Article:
Stephen Hannock, “Flooded River with Red Maple,” 2016, oil on canvas, 44 1/8 x 72 inches

Grenning Gallery in New York will soon open a major exhibition of landscapes by this celebrated American painter. He’s widely collected and found in major public collections around the country; do you recognize his work?

Grenning Gallery in Sag Harbor, New York, is poised to open a significant solo show of recent landscapes by American painter Stephen Hannock (b. 1951). Although Hannock uses modern techniques and themes in his works, there is an undeniable luminousness to his work that recalls the great Hudson River School and other 19th-century masters.

Stephen Hannock, “Incendiary Nocturne with Stormy Sea,” 2016, oil on canvas, 48 x 40 inches

The exhibition, which opens June 10, includes a diverse range of Hannock’s landscapes, from the large to the small, atmospheric to crisp, and from morning to nocturne. The largest painting in the show, titled “Flooded River with Red Maple,” is a clear demonstration of Hannock’s proficiency as a colorist. Peeking through a group of trees along the horizon, the sun has just begun to pierce through a morning fog, creating a stunning blend of warm hues that radiate into the cool, jewel-like blues and greens of the sky and water. Hannock explains that he is commenting on “seasonal sweeping away of debris gathered over the winter, which is an annual event.” The gallery adds, “Rather than looking at the devastation one can see in a flood, Hannock prefers to think about the cleansing ramifications.”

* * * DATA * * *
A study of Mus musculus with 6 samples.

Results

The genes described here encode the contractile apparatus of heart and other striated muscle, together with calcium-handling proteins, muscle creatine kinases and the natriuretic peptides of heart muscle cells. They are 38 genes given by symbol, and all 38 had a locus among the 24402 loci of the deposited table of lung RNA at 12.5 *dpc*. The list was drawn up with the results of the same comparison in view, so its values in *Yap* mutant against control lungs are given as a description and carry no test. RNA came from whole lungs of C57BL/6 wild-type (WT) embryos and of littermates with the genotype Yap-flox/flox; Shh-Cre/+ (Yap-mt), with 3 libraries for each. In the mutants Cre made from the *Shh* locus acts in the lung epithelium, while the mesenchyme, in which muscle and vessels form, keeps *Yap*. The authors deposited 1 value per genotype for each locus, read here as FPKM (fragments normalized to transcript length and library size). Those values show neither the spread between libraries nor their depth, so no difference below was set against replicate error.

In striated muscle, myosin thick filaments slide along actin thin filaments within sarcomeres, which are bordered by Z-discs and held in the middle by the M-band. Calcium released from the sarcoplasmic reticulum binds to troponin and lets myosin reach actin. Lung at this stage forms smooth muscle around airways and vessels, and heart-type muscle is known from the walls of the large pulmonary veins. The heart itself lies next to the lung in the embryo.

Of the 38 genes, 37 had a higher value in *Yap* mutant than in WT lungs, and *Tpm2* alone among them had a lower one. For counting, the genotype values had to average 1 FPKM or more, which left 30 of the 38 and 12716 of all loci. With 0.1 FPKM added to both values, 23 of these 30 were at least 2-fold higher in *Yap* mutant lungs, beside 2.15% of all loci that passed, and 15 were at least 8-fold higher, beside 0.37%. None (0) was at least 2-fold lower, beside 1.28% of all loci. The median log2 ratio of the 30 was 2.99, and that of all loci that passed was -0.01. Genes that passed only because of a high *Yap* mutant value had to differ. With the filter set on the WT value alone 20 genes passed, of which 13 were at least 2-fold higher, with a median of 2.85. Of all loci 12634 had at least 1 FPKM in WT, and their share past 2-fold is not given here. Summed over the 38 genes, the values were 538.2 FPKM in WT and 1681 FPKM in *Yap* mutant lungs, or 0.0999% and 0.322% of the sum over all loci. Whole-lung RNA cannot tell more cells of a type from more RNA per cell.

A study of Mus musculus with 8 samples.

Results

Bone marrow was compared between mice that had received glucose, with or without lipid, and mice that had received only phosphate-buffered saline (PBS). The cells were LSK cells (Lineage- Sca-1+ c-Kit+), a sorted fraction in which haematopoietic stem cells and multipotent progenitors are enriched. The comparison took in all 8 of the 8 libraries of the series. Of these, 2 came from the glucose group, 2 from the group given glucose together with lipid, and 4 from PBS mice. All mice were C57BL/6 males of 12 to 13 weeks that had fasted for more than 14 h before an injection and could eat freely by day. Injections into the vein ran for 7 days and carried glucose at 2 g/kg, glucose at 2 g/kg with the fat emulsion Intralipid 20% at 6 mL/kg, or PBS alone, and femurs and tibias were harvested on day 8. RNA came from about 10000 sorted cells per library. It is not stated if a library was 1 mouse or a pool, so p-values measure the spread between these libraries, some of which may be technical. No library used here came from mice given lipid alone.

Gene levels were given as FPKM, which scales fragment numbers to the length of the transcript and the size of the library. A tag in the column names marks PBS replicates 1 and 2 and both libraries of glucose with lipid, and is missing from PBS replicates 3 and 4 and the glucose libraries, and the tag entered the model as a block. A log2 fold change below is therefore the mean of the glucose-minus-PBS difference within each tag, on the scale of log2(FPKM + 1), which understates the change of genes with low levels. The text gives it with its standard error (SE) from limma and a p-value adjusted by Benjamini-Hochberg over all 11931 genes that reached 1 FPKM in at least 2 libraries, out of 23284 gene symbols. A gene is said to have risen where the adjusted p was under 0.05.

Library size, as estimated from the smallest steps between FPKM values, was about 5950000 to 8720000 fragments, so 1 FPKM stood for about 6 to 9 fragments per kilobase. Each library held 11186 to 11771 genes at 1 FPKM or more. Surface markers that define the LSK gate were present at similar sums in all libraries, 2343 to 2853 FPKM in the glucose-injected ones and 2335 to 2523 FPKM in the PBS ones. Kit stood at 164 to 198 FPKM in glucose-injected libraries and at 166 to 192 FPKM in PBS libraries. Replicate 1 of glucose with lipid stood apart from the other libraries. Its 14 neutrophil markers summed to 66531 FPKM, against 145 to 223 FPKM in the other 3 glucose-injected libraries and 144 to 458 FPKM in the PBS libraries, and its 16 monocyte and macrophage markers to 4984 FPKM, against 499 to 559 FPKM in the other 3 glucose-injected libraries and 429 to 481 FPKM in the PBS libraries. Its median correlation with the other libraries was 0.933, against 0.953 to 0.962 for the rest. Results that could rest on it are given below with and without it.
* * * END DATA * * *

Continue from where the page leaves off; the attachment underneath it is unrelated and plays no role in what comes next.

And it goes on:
Stephen Hannock, “Incendiary Nocturne, Bridge Launch,” 2015, mixed media on canvas, 54 x 36 inches
Stephen Hannock, “Flooded River, Summer Dawn,” 2016, oil on panel, 36 x 60 inches

Also included in the exhibition are a number of rocket nocturnes, which were inspired by similar pictures by Whistler. There is a great deal of anticipation in these works, as the artist has strived to capture the stream of light as a rocket darts across the sky before the starburst explosion.

The exhibition will be on view through July 2. To learn more, visit Grenning Gallery.

This article was featured in Fine Art Today, a weekly e-newsletter from Fine Art Connoisseur magazine. To start receiving Fine Art Today for free, click here.